Salmon farming an economic anchor for Kitasoo-Xai’xais

Councillor worries wholesale closure of salmon farms would return his people to poverty

Isaiah Robinson, left, speaks about the Kitasoo-Xai'xais and the importance of salmon farming in their local economy at Indigenous Partnership Showcase. | Nelson Bennett

In 2021, the small remote First Nation community of Kitasoo-Xai’xais signed a major supply agreement with Wal Mart Canada to supply the company with its Klemtu Spirit smoked salmon.

The salmon comes from the six Atlantic salmon farms that Mowi Canada operates in the Klemtu area, and is smoked in an old fish processing plant that the Kitasoo-Xai’xais took over after it shut down in the 1990s with the decline of the commercial Pacific salmon fishery.

About half of the jobs that employ Kitasoo-Xai’xais now come from salmon farming or processing.

“We have a 99 per cent employment rate,” Isaiah Robinson, a councillor for the Kitasoo-Xai’xais, said Friday at a panel discussion on salmon farming at the Indigenous Partnerships Success Showcase.

He fears federal Fisheries and Oceans Minister Joyce Murray is about to shut the salmon farming industry down, which he said would likely mean a return to the high unemployment, poverty, alcoholism and suicide rates that used to plague his community.

“Fifty-one per cent of our economy is fish farms,” Robinson said. “We would go back to the 70s – alcoholism, all those social issues. Hearing from other leaders about the suicides that were just rampant, I, as a young leader, do not want to go down that path.”

Murray was ordered by Prime Minister Justin Trudeau to come up with a plan to “transition” open-net salmon farms in B.C. by 2025. Murray has already shut down 15 open-net salmon farms that once operated in Discovery Islands area, which has reduced B.C.’s farmed salmon production by 25 per cent.

Another 15 per cent was lost from the Broughton Archipelago and Sechelt region, after failing to get support from local First Nations.

Farmed salmon production in B.C. is now 60 per cent of what it was just a few years ago. The salmon farming industry has been hearing rumours that the federal plan is to shut down another 40 per cent of the remaining salmon farms in B.C.

An announcement was expected to come down June 12, but salmon farmers have now been told the announcement will be delayed.

The majority for Coastal First Nations oppose open net salmon farms and fully support the Trudeau government’s efforts to phase out open-net salmon farms in B.C. They believe salmon farming has contributed to a decline of wild salmon that has resulted in the virtual end of commercial salmon fishing in B.C.

But for those First Nations that support and participate in salmon farming, it can be a critical part of their local economies. But the concerns of First Nations who support salmon farming seem to be falling on deaf ears, said Dallas Smith, president of the Nanwakolas Council.

“This minister specifically has failed to meet with us to talk about what transition should look like,” Smith said. “And it’s very challenging to work with a level of government when they throw around terms like ‘reconciliation’ but cherry-pick what issues they’re going to reconcile about.”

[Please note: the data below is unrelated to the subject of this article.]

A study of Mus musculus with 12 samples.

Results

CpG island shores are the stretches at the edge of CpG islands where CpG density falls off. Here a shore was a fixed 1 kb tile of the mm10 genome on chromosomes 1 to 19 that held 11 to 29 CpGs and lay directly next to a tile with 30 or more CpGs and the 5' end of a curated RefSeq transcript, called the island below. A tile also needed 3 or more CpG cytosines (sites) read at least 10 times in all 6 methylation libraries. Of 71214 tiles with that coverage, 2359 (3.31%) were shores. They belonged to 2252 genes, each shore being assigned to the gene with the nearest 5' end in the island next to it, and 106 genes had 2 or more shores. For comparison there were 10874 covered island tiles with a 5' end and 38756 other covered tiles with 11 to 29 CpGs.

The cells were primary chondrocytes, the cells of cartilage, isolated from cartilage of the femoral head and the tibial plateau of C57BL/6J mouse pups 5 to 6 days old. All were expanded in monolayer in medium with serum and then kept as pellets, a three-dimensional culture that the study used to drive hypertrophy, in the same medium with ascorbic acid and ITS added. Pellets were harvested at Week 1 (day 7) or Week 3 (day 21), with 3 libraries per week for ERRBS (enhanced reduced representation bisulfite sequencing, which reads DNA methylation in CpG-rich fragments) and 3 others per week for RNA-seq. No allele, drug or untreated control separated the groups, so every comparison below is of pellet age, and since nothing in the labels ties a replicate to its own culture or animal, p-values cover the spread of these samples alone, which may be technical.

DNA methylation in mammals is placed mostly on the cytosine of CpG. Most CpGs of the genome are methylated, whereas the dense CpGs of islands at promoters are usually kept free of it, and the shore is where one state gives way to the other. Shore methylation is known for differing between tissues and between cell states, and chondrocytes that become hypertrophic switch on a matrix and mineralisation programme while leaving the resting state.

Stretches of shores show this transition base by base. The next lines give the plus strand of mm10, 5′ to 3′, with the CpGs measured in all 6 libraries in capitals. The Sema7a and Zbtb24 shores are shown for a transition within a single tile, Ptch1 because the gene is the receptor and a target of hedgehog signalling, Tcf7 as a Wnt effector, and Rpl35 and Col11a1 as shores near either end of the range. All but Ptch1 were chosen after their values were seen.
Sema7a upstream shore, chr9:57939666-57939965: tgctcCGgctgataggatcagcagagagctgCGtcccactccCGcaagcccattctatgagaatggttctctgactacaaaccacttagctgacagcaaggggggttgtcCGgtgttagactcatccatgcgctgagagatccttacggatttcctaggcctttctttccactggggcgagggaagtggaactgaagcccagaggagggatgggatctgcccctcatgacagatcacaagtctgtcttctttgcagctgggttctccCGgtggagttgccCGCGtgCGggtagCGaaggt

Robinson related how the old J.H. Todd and Sons fish processing plant provided jobs in Klemtu until it shut down in the 1990s, due to the decline in commercial salmon fishing.

“When the commercial fishery collapsed in 96, they pulled out,” he said. “We had nothing.”

The Kitasoo-Xai’xais experimented with fish farming themselves, but eventually partnered with Mowi Canada, which operates six salmon farms in the Klemtu area.

The First Nation turned the old fish processing plant into a salmon smokehouse and began selling the Klemtu Spirit smoked salmon. Between the fish farms and the smokehouse, aquaculture accounts for about half the jobs in the community.

The B.C. government’s policy with respect to salmon farms has lately been to approve tenures only in areas where salmon farming is supported by local First Nations.

Asked if the federal government should likewise adopt such an approach in issuing federal license, Bob Chamberlin, chairman of the First Nation Wild Salmon Alliance, which opposes open-net salmon farming, said that approach might run into problems with overlap.

“When any nation starts to claim title to water – whether it’s river, lake or ocean – as far I understand it today, there is no case law that supports that,” he said. “It’s all terrestrial. Until such a time as the Crown identifies First Nation X as the title holder, the Crown will legally run into the … obligation of consulting with all nations that identify that area."

He added most Coastal First Nations remain opposed to open-net salmon farming, so it’s very likely that, even if one First Nation supported a salmon farm licence, a neighbour with overlapping claims would object.

"The Discovery Islands, just as an example, you have seven First Nations that identify that area as their traditional territories," Chamberlin said. "There is no Crown recognized aboriginal title holder. In the absence of that, they must consult with all the nations who say its their territory."